By Modern Healthcare
Posted: December 22, 2012 - 12:01 am ET

A 2% Medicare pay cut scheduled for February 2013, which is projected to total $123 billion through 2021, also factors into hospitals' cost-cutting plans. Credit-rating analysts say the spending discipline helped bolster hospital margins among not-for-profit healthcare borrowers. But after years of expense control, further reductions are hard to come by.

The benchmark index for tax-exempt bonds—a financing option regularly used by not-for-profit hospitals and systems—falls to a record low in November. Meanwhile, borrowers find the difference in their credit rating doesn't matter much as the spread—or difference in interest rates—has narrowed. As the year ends, tax-exempt healthcare borrowing is up to $29.6 billion from $22.8 billion in 2011, Thomson Reuters' data show.

Large and prominent not-for-profit health systems, however, enter the taxable public bond market for the first time in 2012, lured away from tax-exempt bonds by favorable interest rates and greater financing flexibility. In October, Dignity Health borrows $600 million from taxable markets, in part to finance its deal for the for-profit urgent care and occupational medicine network U.S. HealthWorks. A month later, Catholic Health Initiatives, Englewood, Colo., enters the taxable market in November with a $1.5 billion bond issue.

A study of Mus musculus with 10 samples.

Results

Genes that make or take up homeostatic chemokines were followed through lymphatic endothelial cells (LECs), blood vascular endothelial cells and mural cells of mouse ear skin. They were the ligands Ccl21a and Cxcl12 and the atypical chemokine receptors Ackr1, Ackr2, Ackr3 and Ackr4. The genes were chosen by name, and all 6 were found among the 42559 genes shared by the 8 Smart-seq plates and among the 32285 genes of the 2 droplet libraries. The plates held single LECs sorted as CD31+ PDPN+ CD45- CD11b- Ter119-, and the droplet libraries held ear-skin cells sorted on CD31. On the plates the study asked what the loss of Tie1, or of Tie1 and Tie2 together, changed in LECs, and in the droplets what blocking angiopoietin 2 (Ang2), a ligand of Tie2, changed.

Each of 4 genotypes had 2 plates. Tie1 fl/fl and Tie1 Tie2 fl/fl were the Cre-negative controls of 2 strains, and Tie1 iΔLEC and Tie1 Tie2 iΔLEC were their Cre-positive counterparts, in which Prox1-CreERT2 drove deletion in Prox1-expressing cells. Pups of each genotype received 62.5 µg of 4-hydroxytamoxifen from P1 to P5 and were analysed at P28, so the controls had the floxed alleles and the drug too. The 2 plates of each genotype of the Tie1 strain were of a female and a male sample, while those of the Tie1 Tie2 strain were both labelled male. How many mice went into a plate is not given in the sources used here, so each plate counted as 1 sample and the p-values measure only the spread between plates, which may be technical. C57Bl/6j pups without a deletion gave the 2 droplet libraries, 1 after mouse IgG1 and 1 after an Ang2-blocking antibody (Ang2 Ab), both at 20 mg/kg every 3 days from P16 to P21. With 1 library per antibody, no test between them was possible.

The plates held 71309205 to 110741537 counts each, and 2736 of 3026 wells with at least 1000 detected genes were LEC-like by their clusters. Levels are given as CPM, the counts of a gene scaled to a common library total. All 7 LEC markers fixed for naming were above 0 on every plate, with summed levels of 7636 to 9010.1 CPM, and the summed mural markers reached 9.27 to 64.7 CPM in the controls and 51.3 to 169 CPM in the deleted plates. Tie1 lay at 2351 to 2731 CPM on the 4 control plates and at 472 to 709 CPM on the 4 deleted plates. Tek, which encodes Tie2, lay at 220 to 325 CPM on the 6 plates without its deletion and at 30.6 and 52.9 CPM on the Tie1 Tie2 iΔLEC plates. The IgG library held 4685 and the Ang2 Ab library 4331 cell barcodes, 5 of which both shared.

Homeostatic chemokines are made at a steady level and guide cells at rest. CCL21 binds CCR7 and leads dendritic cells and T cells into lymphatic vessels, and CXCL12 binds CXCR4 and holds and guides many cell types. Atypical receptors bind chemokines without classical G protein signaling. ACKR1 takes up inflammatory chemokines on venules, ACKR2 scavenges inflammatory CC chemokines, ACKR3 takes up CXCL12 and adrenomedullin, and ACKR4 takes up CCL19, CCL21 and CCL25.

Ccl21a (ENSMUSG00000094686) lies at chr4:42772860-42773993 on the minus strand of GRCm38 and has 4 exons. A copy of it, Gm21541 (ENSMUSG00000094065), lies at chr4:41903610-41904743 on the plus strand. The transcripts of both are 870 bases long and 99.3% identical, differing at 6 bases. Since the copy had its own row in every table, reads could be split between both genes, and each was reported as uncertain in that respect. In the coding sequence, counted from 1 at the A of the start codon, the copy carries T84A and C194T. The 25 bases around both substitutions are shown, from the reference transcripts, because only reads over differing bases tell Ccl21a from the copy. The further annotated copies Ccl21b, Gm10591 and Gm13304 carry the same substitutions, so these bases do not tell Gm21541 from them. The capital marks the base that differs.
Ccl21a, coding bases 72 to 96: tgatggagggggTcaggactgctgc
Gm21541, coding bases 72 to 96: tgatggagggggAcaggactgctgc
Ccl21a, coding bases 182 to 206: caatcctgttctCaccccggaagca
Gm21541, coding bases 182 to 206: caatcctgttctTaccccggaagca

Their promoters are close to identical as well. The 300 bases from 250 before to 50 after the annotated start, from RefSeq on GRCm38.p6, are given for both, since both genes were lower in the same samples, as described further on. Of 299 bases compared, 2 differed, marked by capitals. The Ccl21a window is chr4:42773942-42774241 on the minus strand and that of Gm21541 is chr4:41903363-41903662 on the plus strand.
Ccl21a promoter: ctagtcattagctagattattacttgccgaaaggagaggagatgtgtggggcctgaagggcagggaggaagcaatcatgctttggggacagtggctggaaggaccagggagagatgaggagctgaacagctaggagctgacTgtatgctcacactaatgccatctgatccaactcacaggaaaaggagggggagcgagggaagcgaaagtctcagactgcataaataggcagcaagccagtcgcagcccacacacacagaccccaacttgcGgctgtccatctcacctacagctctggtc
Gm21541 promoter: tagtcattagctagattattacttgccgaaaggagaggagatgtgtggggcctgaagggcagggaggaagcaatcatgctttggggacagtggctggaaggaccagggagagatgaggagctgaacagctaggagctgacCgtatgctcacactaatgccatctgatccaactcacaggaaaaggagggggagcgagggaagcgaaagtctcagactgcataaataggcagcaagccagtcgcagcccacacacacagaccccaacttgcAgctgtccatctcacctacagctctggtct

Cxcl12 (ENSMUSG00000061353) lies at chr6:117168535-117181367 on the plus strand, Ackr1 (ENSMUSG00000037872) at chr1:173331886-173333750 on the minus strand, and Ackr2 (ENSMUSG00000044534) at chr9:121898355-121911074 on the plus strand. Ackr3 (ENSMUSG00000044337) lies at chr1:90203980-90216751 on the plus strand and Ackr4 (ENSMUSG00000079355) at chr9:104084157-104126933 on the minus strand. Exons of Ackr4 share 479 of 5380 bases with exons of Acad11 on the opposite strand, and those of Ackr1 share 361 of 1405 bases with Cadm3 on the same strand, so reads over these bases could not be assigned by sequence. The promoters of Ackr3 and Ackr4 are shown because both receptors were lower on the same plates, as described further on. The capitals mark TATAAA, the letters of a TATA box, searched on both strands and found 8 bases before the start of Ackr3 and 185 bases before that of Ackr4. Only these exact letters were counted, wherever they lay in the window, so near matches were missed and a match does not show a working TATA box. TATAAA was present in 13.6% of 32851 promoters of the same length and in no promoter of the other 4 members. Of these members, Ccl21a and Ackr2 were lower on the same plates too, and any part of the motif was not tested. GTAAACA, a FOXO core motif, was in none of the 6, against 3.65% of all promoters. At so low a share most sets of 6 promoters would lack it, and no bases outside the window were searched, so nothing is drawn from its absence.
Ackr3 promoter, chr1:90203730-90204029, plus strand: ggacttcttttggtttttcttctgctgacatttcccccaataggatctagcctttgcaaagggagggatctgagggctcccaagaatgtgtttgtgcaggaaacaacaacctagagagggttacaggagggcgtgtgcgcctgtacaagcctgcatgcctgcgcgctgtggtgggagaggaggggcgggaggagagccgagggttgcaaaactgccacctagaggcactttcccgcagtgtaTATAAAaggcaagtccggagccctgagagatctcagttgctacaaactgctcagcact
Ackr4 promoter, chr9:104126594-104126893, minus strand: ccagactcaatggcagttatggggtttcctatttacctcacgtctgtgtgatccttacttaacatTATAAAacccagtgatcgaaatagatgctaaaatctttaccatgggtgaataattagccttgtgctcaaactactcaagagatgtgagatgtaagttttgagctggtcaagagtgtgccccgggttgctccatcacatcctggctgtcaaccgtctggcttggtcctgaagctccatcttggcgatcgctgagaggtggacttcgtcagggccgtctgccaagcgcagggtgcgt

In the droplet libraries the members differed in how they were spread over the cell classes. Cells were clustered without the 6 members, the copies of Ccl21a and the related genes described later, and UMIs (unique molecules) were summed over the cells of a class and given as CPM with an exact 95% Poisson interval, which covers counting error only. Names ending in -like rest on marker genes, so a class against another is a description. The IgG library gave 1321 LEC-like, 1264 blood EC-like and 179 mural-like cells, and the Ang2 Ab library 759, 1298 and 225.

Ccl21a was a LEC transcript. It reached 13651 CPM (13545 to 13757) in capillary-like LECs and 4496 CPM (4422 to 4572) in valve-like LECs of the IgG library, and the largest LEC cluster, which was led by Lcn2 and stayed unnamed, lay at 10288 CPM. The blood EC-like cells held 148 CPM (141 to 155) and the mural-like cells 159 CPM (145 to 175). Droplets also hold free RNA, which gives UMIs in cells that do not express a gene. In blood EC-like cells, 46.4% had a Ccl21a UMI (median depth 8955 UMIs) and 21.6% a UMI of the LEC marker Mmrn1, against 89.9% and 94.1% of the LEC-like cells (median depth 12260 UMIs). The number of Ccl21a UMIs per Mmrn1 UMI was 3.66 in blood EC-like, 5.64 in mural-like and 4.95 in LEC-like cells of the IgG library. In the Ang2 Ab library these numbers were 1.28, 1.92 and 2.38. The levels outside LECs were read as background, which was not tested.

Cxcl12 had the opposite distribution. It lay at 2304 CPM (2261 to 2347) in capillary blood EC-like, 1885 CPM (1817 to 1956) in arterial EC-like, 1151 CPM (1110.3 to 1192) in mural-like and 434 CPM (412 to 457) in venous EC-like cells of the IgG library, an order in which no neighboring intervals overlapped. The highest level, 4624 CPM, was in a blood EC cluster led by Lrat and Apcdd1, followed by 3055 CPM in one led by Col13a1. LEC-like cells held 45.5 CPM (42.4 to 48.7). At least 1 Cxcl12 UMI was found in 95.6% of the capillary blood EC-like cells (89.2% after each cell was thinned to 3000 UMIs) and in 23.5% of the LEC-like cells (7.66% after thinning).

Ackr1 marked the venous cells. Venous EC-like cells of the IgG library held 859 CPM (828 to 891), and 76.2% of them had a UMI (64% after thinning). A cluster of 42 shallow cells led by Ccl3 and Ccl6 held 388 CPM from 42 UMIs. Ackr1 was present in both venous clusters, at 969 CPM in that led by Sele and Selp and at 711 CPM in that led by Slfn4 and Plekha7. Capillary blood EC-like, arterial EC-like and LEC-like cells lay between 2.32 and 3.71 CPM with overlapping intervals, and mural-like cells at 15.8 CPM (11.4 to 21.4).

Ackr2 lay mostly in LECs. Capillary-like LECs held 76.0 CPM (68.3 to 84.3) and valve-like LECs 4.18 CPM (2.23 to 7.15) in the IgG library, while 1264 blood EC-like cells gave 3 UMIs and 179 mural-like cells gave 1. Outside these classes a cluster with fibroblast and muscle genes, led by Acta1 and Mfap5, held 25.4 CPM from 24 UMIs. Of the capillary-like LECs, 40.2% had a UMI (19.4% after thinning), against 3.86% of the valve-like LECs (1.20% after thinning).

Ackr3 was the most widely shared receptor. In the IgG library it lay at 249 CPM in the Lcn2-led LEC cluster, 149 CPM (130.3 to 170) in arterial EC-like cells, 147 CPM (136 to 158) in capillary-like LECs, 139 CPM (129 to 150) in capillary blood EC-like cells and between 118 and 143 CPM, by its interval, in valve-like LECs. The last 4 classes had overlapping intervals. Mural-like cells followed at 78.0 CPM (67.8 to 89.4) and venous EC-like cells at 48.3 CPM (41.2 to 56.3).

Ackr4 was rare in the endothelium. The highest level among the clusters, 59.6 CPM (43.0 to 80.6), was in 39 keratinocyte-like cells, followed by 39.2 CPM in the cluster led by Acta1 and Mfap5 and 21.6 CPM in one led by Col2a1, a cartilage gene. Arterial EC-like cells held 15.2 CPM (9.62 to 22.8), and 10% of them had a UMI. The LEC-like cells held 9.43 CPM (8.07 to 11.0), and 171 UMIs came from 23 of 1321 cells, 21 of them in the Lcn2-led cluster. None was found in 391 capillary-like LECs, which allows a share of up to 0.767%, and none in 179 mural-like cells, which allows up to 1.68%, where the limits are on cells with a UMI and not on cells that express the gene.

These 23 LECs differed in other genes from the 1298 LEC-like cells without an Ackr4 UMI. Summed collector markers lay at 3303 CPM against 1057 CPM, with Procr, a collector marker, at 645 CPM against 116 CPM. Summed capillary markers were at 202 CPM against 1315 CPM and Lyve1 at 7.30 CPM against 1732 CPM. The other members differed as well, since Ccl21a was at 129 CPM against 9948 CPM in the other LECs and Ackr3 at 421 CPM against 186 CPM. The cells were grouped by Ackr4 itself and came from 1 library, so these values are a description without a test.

While weak patient volume and mounting reimbursement pressure create a challenging operating environment for investor-owned systems, the chains nevertheless manage to produce revenue gains for Wall Street.


The for-profit systems grow their quarterly revenue on the back of increased outpatient activity as well as acquisitions that boost margins. They also sit on healthy cash balances that could be deployed toward more deals and partnerships.